For example, I think Andrew Sullivan, by becoming a blogger, has completely ruined his standing as a writer of serious political and gay analysis. Now he posts 40 times a a day, and includes so many insipid or inconsequential things and meaningless pieces of campaign gossip, and very, very little (i.e. none) of what he writes changes my life in any way whatsoever. I have stopped reading him.
Or consider Matthew Yglesias. Consider his July 7th blog entry: someone named "RoboticGhost "asks:
"I wondered if you heard anything about water concerns while you were out West. I don't suspect it'd be that big of a deal in lofty Aspen, but many parts of Colorado are caught in the fight for water resources. Its town against town against farmer against industry, with some armed conflicts thrown in for good measure."
I didn't hear anything about that when I was in Colorado, but I did hear a lot about water last year when I was in Southern California and New Mexico. I'm far from an expert in this, but normally when you see shortages you're looking at an effort to allocate a valuable resource by regulatory fiat (and therefore special interest political clout) rather than price. Thus, I was strongly predisposed to favor this proposal for tradeable water rights from Michael Greenstone at Brookings when I read it months ago and reading it again it still seems right.
Stop and consider this in detail: someone afraid to even use their real name asks for an analysis of an extremely complex situation, decades in development, merely because Yglesias spent a few days in the west -- and in airy Aspen, at that.
RoboticGhost doesn't ask any journalist in the southwest who covers the water beat 40 hours a week, or any of a half-dozen writers who have written detailed and thoughtful books about the west and its water, or a thousand administrators whose job it is to ensure as smooth a water flow in the sw as possible. He asks a casual traveler.And this casual traveler, who has spent his entire life living in apartments on the eastern seaboard, actually thinks he has something valuable to say, because a year ago he spent a few days in a Best Western somewhere in the southwestern US.
With no evident local knowledge whatsoever -- even admitting as much -- Yglesias nevertheless offers a solution to this enormous, complex problem, a solution based purely on some political theory he read in a magazine somewhere last year and which has absolutely no naunced understanding of the complexity of the true situation on the group or its many years worth of layered complexity or what privatizing water supplies would mean for hundreds of thousands of southwestern ranchers or the million living there facing ever rising water bills.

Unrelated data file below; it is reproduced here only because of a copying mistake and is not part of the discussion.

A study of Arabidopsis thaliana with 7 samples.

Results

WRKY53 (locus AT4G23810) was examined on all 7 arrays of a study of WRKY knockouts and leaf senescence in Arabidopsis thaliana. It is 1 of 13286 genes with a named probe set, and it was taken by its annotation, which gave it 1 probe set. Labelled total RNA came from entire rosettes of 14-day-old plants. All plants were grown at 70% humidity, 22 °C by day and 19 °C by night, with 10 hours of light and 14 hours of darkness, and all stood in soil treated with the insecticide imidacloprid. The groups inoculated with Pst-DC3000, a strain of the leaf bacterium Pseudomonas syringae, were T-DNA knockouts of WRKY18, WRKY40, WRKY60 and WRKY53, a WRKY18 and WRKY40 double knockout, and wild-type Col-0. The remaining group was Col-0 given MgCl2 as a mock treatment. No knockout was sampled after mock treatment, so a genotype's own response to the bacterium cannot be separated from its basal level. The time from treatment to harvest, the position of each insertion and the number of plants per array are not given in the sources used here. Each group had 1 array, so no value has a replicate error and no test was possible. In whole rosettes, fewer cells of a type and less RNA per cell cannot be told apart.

Who is this brilliant detailed analysis supposed to convince? Anyone? Anyone whatsoever? Yglesias's blog post is so extremely brief and vapid, so without context or insight or passion or concern, that it's just a complete waste of everyone's fucking time. Yglesias is only writing it so he can get on to his next post, which will mean just as little as this one, and only written because his employer requires 20 posts/day of semi-intelligent prose that appears to intelligent but which conveys nothing at all.
Why am I wasting my time reading this? Nothing Yglesias wrote there matters to me in the least. Nothing about it teaches me even the slightest thing, offers the slightest insight, solves even the smallest problem. I would be far better off reading anything by John Fleck or Charles Bowden or Colin Fletcher or or even Edward Abbey. It's only designed to get him some hits and maybe an appearance on MSNBC some night, and then tomorrow it's off to stories he'll cover equally vapidly.
And anymore I'm finding the entire blogosphere like this. Even what I write. It takes weeks and months and years to understand situations, to write from anything like a position of expertise. You don't get it by quickly flying out to Aspen and back, or by reading an article from the Brookings Institute or from Harvard's 321 course on Environmental Philosophy. It takes blood, sweat, and tears, it takes going out and looking at rivers, pouring over government reports and spreadsheets, hiking to the tops of mountains for the big picture, calling 25 people a day -- precisely the thing the blogosphere does least of.
So I am wondering why I am reading it any more, or why I am even writing meaningless tidbits in this blog (and that's all they are). Or why anyone is reading. Is this seriously the future of this magnificent medium? It would be a full-time job to really blog about a few serious issues on a particular beat, and who can possibly attract 125,000 readers a day and support yourself doing that?
So more and more I am focusing on real writing, detailed reporting for magazines where you can do some real investigation and reporting and your audience isn't just people reading over their calzone at lunch. I don't want to end up some vapid blogger who tries to say everything and so who says nothing whatsoever. Life is too short. I'm really not sure what the solution is.